CENTENNIAL, Colo. -- A confluence of factors conspired to deliver the Broncos' most stinging home loss since the Indianapolis Colts eliminated them in the 2014 playoffs.
The Monday morning snapshot calls for blaming the defense. Authors of multiple dramatic curtain closures over the past seasons, the Broncos couldn't produce a stop. They surrendered an eight-point lead with 3:12 remaining in regulation and permitted the game-winning field goal in overtime. At that point, computer simulations gave the Chiefs a 4 percent chance of victory. And the Broncos surrendered a first down on fourth-and-10, leading to the tie in regulation. Kubiak insisted the coverage didn't change, echoing players' comments in the locker room.
"It's on us," Chris Harris Jr. said. "We got dumb."
Added cornerback Aqib Talib, "I would have bet my game check that they wouldn't score on us."
The ending laid on the defense's doorstep. But there were multiple accomplices in the team's fourth loss, which leaves the Broncos scrambling for a playoff berth with five games remaining. Special teams undermined the Broncos. They allowed a Tyreek Hill kick return for a touchdown, Jordan Norwood muffed two punts, and an illegal formation took a field goal off the board and led to a Chiefs score. Norwood's flaws were dramatic. Frustration boiled over when the Chiefs recovered a Norwood fumble with 12:29 remaining in the fourth. Cornerback Aqib Talib shoved Norwood off the field as safety Darian Stewart yelled in the receiver's direction, appearing to signal for him to head to the sideline.
"They compete all the time. I see guys competing. I see guys upset. Jordan and Aqib are fine. I can promise you that," said Kubiak, who wasn't happy with Talib's push. "I tell our players all the time, we battle together, we don't battle each other."
Norwood sought out Talib Monday morning. The pair talked, and have move forward.
"He's emotional. I am too," Norwood said. "We are on the same page."
Talib said he apologized to Norwood. He indicated that these type of outbursts are not uncommon.
"I love football. I love to win. I love the game. That's how I play," Talib said. "I just call it playing football."
Norwood is used on returns because of ability to field the ball. He provides little in the way of dynamic returns, averaging 8.7 yards on 23 returns with a long of 17. Emmanuel Sanders and Talib are options but their use must be weighed against the injury risk.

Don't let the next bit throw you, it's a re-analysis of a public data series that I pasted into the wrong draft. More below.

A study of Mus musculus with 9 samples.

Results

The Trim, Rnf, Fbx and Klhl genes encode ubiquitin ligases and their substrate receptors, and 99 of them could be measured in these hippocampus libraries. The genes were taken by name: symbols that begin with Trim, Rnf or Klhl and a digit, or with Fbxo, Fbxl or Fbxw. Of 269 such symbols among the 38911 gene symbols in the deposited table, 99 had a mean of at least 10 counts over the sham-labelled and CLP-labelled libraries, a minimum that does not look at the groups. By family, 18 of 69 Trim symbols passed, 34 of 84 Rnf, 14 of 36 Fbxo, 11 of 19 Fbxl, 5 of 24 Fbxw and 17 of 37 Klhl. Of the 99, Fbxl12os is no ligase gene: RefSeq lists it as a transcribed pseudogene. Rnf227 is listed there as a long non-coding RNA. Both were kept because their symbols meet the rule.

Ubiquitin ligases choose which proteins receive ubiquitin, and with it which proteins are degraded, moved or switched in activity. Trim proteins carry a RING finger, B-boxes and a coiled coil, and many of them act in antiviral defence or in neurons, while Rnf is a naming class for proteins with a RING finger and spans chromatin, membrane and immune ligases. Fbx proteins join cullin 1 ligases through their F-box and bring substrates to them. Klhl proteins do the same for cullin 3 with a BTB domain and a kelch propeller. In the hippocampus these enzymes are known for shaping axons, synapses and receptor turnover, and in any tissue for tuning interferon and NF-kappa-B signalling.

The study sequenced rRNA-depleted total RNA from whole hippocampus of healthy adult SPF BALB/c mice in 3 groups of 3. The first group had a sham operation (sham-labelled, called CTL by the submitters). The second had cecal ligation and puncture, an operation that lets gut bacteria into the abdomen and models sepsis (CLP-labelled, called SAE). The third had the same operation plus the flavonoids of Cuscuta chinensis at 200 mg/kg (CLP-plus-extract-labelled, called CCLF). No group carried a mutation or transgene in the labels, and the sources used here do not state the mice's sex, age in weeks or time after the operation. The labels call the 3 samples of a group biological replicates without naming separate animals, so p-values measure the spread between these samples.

The offense dug the Broncos a hole with porous offensive line play. After allowing two sacks and being flagged for a pair of penalties, right tackle Ty Sambrailo was mercifully benched in favor of former starter Donald Stephenson. Kubiak was pleased with Stephenson's progress, and he will start going forward.
The Broncos trailed 9-0 despite allowing 49 first-half yards. Denver couldn't capitalize, managing merely 124 yards of its own. Quarterback Trevor Siemian responded with the best second half of his career. He completed 11 of 19 passes with three touchdowns by making plays with his feet out of the pocket. However, the Broncos failed to put the Chiefs away in overtime, stalling on their own 44-yard line.
It led to a decision that has been second guessed. After a brief mulling period, coach Gary Kubiak sent out kicker Brandon McManus for a 62-yard field goal for the win. McManus took out a divot with his right foot, leaving him with no chance, and compromising the defense.
Kubiak harbored no second thoughts Monday about going for the win. He said there's plenty of time left. He sent a message to his team that a victory was what mattered not settling for a tie that might have improved the Broncos' playoff position. The players appreciated his confidence despite the result.
"If we punt, we are punting to lose or tie," Kubiak explained.
General manager John Elway defended Kubiak's decision on Monday.
"We're in the game to WIN. Although everyone's disappointed, we played hard & went down swinging!!!" Elway tweeted.